Sunday, February 03, 2008

"Kudos to Rx Canada?"

What is the (Next) Message?: Kudos to Rx Canada

It would seem that there may be a happy ending brewing at the user end of prescription information provided in one known breach of customer privacy by Shoppers Drug Mart.

This is a story of the power of one, in the Web 2.0 world. The MSM appears unawares, unwilling to break or notice the "story."

Its not yet a happy ending because what was stated by RX Canada as posted by Mark Federman, was exactly what one would have expected it to state under our Privacy Laws. The follow through of Shoppers Drug Mart will be critical as the supplier of the information likely for the money paid by RX Canada.

RX Canada is getting off light here as its systems appear weak to detect actual consent, putting itself in the position of only being able to blame others for any failings. Mark appears not the complainer I would be if this had happened to me (maybe it has and I don't know it yet ...).

Shoppers Drug Mart appears to be the loser here but its side is unknown so far, hearsay dependent on the continuing actions of RX Canada to put forth necessary changes. It might be dependent on interpretation and spin, its failing to put into a system a routine that shares prescription information only on the written consent of the customer, a flag set perhaps too easily, likely right beside incentives for more information than less.

The privacy infringed to date, may also 'read' Shoppers Drug Mart when seeing RX Canada, in the mailing, thinking it is the same company since Mark is the first and only(?) person known to be affected. No red flag, and no problem.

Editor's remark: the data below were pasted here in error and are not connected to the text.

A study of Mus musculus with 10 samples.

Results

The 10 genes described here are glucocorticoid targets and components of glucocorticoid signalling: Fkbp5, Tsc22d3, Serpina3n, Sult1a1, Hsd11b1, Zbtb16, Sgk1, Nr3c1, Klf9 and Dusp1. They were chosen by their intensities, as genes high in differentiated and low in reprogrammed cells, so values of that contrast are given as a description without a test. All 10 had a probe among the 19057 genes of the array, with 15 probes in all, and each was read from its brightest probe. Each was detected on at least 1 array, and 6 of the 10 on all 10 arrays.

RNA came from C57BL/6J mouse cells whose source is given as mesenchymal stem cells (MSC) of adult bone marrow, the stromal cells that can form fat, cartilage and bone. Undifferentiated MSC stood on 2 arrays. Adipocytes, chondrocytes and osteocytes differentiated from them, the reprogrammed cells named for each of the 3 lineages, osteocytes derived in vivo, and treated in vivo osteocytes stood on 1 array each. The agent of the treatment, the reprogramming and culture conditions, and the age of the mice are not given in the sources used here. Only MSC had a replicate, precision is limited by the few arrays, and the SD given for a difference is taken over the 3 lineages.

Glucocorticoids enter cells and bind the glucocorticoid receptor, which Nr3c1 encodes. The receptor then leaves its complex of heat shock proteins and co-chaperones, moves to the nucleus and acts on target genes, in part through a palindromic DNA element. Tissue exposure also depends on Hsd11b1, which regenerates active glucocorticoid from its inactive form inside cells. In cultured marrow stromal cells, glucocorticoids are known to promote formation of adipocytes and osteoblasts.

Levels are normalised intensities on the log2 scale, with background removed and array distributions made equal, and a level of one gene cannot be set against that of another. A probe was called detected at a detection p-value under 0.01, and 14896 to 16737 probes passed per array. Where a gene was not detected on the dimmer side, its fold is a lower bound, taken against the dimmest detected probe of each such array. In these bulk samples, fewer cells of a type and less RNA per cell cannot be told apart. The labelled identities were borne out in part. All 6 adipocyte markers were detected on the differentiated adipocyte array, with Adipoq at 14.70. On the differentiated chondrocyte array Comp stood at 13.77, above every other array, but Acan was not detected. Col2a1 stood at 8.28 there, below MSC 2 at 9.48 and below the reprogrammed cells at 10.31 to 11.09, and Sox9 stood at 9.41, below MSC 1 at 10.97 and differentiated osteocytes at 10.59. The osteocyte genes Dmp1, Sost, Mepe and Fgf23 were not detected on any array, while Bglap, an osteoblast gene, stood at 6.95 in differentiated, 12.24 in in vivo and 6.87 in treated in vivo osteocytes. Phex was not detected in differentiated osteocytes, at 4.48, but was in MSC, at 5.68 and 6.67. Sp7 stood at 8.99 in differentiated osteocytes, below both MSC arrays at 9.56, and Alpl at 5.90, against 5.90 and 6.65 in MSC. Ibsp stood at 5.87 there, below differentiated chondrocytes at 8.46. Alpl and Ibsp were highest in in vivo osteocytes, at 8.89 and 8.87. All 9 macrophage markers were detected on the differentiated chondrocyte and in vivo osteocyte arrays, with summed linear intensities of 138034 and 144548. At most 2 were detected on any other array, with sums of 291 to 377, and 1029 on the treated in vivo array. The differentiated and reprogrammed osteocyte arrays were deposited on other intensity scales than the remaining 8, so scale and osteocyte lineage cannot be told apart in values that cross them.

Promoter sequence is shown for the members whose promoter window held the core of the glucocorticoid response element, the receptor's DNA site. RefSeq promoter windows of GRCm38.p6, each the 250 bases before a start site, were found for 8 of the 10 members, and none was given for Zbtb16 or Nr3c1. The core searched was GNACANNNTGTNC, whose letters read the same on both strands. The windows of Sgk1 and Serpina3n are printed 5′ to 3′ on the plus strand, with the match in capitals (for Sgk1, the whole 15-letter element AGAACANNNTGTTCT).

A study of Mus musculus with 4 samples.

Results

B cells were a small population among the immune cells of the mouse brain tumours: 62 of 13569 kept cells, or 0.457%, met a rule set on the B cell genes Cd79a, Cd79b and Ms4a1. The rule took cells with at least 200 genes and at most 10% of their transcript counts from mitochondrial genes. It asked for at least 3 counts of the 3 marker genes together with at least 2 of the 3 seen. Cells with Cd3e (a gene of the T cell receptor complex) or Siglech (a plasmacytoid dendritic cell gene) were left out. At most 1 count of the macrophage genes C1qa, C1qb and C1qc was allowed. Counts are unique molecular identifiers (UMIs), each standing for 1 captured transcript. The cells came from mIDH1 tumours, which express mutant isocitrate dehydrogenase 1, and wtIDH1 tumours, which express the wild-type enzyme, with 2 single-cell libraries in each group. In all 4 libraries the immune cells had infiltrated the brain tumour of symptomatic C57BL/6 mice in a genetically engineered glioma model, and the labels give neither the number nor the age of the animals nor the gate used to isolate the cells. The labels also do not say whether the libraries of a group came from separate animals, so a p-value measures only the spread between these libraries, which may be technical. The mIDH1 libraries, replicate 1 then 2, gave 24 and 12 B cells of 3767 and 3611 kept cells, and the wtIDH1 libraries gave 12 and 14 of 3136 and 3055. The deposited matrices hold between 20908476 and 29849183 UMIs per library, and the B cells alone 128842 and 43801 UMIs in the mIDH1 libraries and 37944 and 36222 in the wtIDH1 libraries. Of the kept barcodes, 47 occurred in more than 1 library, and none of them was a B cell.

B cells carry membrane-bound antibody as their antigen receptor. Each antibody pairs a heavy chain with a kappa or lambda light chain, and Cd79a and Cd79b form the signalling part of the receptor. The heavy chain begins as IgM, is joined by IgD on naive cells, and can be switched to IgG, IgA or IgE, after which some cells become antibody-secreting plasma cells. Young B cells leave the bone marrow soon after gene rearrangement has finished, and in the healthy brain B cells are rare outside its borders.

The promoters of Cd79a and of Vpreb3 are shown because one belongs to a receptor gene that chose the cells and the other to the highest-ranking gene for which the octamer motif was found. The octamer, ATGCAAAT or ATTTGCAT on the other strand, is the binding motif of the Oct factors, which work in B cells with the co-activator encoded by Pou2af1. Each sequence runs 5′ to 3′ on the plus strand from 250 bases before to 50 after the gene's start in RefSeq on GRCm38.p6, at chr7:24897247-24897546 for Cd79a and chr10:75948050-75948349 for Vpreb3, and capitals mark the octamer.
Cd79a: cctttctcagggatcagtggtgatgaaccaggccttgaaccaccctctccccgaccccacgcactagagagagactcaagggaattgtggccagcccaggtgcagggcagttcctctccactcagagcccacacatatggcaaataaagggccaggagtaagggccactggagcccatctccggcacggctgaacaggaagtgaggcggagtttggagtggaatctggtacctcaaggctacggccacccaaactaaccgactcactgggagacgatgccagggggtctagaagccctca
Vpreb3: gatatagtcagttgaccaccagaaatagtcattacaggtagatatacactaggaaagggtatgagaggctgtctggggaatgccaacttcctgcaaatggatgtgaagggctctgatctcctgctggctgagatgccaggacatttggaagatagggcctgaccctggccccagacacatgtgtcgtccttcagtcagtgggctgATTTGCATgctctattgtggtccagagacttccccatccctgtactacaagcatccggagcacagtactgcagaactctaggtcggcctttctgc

Mark Federman was not so slighted in his observations, taking action against what he felt, and what anyone else would feel as a gross invasion of privacy (Read his original post). Others might have been merely disgusted or annoyed but powerless lacking the Web 2.0 power to do something about it. Mark should earn at least a "Canadian Privacy Pin" with his work picked up by a person from another country, wishing his country had laws like Canada does. Canada is not ranked Number 1 in the world for nothing!!

I note the fine print of the Optimum program might also cause grief as the monitoring of purchases using that card may also include prescription information, that is easily cross referenced to the contents of the prescription by information systems (is the Rx information system linked in any way to the Optimum card system? Does anyone know? It is not stated). A patient getting say a Rx for Viagra and buying a case of condoms, might indicate the positioning of those condoms close to the Pharmacist as appropriate. The condoms are pretty close to the Pharmacist counter in most stores. It is not an accidental placement. Nothing is accidental in a well managed store, with retail placement also being "for sale" to the highest bidder as well.

Optional segue: maybe seeing eye dog collars should be close to the Pharmacist too, from the example above: taking Viagra (and the like) has a side effect in some cases, that may not be that rare. Apparently 1 in 10,000 people have a risk to have sudden permanent blindness, a threat to their vision, that is a very unkind side effect to a night of frolic for the erectile dysfunctioned. If the pharmacist could confirm the Rx holder has had an opthamologists' examination, maybe the frolic would be less of a gamble. Likely if this would be expected, perhaps the liability of the Pharmacist could be added to the malpractice of the prescribing Dr. Oops, Canadians don't sue their doctors, too often ...

Stay tuned. This is not yet over. Mark is happier clearly. But Shoppers Drug Mart itself has not responded to him, and the letters he said he was going to write, have not had their response noted.